CSS In-Depth, v2 CSS Introduction
This course may contain valuable CSS information for reference, but does no longer reflect our course quality standards.
Transcript from the "CSS Introduction" Lesson
>> Estelle: So CSS stands for Cascading Style Sheets. It does not stand for cascading shit show.
>> Estelle: And by the end of this two-day session, hopefully, you'll agree with me on that. And nor does it stand for California style sheets.
>> Estelle: So the deck that I had, I'm just gonna start the snowflakes again.
[00:00:28] Basically all I did was put in the eyes because they were a small character. And then I had the div of class snowman, and that made the whole thing work. So during this talk we're not gonna actually talk about this deck because this deck was retired in 2012.
[00:00:46] Cuz you can only look at snowflakes for so long before you get sick of snowflakes. And I've been in Minneapolis for a few hours and I'm sick of snowflakes.
>> Estelle: But CSS, with selectors, you can basically target anything, and with CSS you can make those snowflakes random.
[00:01:10] They look random, right? They're rotating, they're dropping, they're spinning, they're moving naturally down the page. That's all done with CSS. So CSS is the presentation layer of the web. There's a lot of people who talk about putting JS, or CSS in their JS, they're all wrong. Not that I have an opinion on it, they're just wrong, it's not an opinion, it's just a fact.
[00:02:02] I could have targeted this whole thing without classes or ids. You can use CSS no matter what your HTML is like.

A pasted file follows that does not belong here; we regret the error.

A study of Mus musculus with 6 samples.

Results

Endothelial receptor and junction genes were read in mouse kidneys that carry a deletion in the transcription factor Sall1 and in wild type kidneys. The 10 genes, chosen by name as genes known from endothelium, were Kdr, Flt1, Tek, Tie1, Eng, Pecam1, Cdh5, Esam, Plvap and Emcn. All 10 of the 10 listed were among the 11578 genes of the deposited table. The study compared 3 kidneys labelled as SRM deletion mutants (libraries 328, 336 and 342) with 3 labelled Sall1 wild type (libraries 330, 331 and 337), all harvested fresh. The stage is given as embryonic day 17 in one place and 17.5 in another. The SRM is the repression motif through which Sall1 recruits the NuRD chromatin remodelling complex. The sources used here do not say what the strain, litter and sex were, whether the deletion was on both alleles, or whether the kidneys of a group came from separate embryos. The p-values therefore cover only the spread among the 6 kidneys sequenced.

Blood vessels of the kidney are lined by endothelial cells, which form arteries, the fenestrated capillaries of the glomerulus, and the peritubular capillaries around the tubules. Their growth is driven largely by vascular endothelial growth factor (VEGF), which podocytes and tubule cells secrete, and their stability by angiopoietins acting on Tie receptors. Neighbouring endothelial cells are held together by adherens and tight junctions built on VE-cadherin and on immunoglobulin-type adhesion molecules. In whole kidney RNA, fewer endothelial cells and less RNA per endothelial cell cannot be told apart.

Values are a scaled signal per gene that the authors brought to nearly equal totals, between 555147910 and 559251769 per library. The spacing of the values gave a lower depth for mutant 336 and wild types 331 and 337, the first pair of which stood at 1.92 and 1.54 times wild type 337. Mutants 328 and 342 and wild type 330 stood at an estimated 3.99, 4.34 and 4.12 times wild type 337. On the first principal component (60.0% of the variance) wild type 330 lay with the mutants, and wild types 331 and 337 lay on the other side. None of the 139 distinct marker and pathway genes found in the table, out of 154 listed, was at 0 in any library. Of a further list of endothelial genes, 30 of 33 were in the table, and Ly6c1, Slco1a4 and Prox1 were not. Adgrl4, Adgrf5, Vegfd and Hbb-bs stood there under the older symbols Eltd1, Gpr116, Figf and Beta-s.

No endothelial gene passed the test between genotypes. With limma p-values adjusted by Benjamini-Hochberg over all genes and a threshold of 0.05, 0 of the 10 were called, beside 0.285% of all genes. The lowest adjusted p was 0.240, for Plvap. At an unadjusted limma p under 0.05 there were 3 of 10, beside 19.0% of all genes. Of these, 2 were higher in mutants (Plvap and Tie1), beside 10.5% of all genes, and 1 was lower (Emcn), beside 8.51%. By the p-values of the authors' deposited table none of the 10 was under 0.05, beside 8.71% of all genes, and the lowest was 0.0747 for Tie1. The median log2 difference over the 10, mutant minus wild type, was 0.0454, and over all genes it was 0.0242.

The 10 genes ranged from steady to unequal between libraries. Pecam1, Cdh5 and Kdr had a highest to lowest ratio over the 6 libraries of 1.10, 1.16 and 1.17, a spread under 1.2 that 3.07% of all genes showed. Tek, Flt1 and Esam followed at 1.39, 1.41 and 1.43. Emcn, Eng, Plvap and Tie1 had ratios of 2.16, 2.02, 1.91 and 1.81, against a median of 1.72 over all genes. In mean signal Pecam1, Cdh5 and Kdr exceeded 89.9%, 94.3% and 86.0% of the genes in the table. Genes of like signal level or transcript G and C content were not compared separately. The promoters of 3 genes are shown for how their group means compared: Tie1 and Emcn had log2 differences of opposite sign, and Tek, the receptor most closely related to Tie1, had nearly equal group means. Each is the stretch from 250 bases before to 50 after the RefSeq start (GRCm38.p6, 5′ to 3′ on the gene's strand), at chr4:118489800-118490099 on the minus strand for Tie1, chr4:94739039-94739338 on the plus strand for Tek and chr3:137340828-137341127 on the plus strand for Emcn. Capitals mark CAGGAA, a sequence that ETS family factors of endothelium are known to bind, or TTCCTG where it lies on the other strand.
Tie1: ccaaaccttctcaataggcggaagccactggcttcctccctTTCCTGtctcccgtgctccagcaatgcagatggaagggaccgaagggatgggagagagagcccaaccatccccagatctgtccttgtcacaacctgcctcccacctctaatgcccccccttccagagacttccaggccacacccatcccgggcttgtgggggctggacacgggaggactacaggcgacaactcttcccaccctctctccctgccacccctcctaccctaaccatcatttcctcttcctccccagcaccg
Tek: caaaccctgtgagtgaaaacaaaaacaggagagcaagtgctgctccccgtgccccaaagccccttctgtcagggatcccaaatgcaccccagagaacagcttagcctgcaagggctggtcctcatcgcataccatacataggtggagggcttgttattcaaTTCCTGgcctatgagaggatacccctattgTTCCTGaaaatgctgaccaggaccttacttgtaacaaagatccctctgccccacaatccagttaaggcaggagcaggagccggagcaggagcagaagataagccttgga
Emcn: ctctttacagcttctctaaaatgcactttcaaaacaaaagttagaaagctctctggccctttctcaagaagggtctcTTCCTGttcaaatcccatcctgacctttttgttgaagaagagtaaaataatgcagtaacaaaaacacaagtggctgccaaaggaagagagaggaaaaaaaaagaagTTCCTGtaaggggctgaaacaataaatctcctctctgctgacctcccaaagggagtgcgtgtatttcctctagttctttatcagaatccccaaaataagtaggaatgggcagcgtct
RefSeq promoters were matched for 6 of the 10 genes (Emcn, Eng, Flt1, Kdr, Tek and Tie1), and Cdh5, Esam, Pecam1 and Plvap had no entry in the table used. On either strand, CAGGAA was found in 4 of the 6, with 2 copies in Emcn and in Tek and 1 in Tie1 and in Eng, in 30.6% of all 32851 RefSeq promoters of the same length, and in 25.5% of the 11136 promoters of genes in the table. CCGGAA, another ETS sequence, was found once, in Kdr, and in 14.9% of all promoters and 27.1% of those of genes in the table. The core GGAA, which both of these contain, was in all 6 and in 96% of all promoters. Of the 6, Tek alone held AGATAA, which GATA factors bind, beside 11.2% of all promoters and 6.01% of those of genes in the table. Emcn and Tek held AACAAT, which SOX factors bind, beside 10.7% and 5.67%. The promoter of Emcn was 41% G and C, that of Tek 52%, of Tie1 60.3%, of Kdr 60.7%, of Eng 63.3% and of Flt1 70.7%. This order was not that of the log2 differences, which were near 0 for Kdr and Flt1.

>> Estelle: There's a few ways to include your CSS. You can do an external style sheet. Generally this is considered the best way to include your CSS. If you wanna improve performance and your CSS is minimal, and hopefully I will teach you how to make minimal CSS instead of long CSS.
[00:02:34] You can improve performance by putting some of you CSS in the style block in a head of your page because your CSS, your external CSS and your internal CSS is blocking, it will not present until your CSS is downloaded. So if it's already downloaded, your CSS, instead of having to make another HTTP request, that could help improve first load.
[00:02:53] But if you have to download the CSS every single time you change pages, that is bad for performance. So you have to weigh it, you could put a little bit of CSS on your home page for that first load, but always have an external style sheet if you have a multi-page website because you wanna cache that.
[00:03:11] And then you can do inline styles like the one on the bottom. You'd be wrong to do that.
>> Estelle: So why use external style sheets? It allows for reusability cuz you can cache it. You can maintain your CSS if it's on one spot, if it's in every different page, you have to actually edit. If it's in every individual p element, like we saw on that inline, you'll have to maintain that.
[00:04:22] If it's in your Java Script,
[00:04:45] And I've no clue what interchangeable presentation layer is cuz I wrote this a few weeks ago and I don't remember what that meant. Okay, so here is the CSS thing code that I had wanted to show. And that was the exact same HTML, this site has the exact same HTML as this site.
[00:05:02] Do those two look like the same pages? The content is the exact same, the markup is the exact same. It's only the presentation file that is different. And that is why using external CSS style sheets, or just using CSS in general allows you to do the look and feel that you so choose.